Magnolia liliiflora - "The Eight Little Girls"
Magnolias come in all shapes and sizes, evergreen as well as deciduous. This particular Magnolia is an ornamental called Lily Magnolia (Magnolia liliiflora) and is from a group of cultivars known as "The Girl Hybrids" which was the results of a cross between Magnolia nigra and Magnolia rosea. They were bred by scientists at the United States National Arboretum as part of a group of magnolias. The group was called "Little Girls" and each tree was named after a wife, daughter or female family member of the breeders. The primary breeders were Dr. Francis DeVos and William Kosar.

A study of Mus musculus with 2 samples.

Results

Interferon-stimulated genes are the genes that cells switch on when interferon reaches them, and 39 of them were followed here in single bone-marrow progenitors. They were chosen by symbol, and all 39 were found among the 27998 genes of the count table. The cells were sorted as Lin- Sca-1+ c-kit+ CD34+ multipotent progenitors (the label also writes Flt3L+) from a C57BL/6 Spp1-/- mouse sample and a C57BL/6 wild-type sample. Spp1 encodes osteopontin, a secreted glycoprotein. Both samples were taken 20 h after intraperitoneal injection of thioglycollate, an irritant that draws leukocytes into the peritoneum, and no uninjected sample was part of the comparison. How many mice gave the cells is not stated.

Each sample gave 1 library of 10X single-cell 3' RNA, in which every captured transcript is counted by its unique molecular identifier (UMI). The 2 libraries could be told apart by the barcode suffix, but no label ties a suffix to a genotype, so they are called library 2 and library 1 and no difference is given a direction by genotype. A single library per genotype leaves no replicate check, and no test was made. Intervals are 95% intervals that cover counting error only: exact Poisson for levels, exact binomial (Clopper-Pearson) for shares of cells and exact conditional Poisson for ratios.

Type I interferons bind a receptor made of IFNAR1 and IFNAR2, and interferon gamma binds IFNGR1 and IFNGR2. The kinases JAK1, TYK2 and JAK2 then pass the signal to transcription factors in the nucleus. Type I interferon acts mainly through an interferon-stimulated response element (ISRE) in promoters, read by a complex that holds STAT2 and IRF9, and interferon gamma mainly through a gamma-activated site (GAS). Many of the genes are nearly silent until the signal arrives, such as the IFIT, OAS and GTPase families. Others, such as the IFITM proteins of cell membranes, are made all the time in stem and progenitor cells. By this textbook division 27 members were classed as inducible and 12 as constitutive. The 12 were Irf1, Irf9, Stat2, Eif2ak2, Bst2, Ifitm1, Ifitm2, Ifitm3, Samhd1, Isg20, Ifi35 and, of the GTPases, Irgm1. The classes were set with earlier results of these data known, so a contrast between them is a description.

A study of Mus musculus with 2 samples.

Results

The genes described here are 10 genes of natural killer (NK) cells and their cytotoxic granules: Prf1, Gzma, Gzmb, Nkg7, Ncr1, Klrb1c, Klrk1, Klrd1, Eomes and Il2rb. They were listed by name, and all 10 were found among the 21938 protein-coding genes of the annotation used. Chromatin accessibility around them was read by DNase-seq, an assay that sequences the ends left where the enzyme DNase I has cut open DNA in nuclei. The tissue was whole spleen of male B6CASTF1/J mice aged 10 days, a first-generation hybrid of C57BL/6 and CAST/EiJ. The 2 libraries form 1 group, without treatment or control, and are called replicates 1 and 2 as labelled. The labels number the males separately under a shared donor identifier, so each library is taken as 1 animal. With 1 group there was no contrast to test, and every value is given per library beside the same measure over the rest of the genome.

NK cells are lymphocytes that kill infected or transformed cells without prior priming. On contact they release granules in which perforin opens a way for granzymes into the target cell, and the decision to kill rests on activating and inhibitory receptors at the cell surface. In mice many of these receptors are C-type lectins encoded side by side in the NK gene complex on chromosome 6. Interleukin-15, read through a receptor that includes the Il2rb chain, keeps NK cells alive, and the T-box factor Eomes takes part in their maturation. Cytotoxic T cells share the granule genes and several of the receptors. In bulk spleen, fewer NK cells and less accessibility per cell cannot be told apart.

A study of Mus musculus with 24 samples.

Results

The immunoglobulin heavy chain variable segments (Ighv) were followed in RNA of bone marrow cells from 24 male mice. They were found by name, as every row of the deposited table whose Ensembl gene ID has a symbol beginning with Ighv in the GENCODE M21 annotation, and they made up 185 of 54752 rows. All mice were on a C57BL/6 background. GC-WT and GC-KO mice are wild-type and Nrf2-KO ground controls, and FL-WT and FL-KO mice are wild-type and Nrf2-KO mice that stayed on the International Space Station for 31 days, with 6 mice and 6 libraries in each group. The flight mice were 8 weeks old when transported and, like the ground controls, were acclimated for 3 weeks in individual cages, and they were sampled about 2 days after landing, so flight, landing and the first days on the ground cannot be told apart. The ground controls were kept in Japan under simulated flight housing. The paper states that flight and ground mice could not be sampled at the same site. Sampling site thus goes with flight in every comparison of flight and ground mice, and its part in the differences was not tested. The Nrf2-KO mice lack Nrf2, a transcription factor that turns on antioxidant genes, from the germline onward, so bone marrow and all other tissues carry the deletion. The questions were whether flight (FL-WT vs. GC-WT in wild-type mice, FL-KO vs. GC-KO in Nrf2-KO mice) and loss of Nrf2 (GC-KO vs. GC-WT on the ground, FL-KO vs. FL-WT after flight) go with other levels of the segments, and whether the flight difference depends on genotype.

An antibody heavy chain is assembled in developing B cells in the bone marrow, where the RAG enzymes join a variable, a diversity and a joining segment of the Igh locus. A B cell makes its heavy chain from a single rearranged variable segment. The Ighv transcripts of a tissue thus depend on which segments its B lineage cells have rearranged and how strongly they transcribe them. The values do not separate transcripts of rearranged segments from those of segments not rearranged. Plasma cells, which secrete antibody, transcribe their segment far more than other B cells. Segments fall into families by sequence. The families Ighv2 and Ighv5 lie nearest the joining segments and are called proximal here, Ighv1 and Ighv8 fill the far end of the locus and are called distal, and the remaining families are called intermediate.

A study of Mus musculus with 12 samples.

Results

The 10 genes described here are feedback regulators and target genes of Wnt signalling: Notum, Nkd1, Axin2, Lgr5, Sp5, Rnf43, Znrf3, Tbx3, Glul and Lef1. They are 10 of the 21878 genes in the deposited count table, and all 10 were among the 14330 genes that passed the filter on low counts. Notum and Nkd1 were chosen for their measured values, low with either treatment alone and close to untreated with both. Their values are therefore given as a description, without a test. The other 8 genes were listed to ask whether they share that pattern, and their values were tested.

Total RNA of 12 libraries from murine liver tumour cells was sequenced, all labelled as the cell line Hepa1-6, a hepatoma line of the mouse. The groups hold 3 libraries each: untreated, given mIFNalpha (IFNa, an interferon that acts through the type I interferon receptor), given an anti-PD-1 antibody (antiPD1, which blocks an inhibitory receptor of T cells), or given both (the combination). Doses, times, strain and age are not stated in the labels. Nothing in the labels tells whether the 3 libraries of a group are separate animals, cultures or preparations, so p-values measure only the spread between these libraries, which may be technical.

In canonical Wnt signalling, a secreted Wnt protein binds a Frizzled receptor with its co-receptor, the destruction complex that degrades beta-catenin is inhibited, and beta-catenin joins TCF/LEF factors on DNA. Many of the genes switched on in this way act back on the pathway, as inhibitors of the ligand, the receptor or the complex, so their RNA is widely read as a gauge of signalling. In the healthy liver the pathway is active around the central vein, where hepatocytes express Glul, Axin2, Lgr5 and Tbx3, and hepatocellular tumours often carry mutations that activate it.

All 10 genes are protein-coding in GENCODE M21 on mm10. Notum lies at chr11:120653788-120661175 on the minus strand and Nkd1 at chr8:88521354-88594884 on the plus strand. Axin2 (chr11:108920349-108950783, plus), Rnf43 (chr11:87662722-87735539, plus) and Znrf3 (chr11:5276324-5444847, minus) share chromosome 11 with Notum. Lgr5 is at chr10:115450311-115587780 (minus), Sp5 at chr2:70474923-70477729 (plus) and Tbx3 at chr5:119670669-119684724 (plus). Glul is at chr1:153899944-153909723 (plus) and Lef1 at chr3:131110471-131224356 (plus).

They are among the most common deciduous magnolias offered in the nursery trade. They tend to bloom twice a year; first before the leaves open in the spring and again in the summer. The girls' names are Ann, Betty, Jane, Pinkie, Randy, Ricki and Susan. The Little Girl hybrids are relatively small and more like shrubs than trees, with no central leader. They reach heights only from 10' to 15’, whereas our native magnolia, called Cucumber Magnolia (Magnolia acuminata) reaches heights of 60' to 70’ and spreads from 70' to 85’.
The Little Girl Magnolia’s offer a spectacular floral display early
enough in the season to decrease the possibility of spring frost
damage. The flowers are doubly delightful. They welcome spring in shades
of pink to purple and later surprise us with occasional summer blooms.
Winter reveals the plant architecture highlighted by smooth grey bark
and fuzzy flower buds. They are truly multi-seasonal.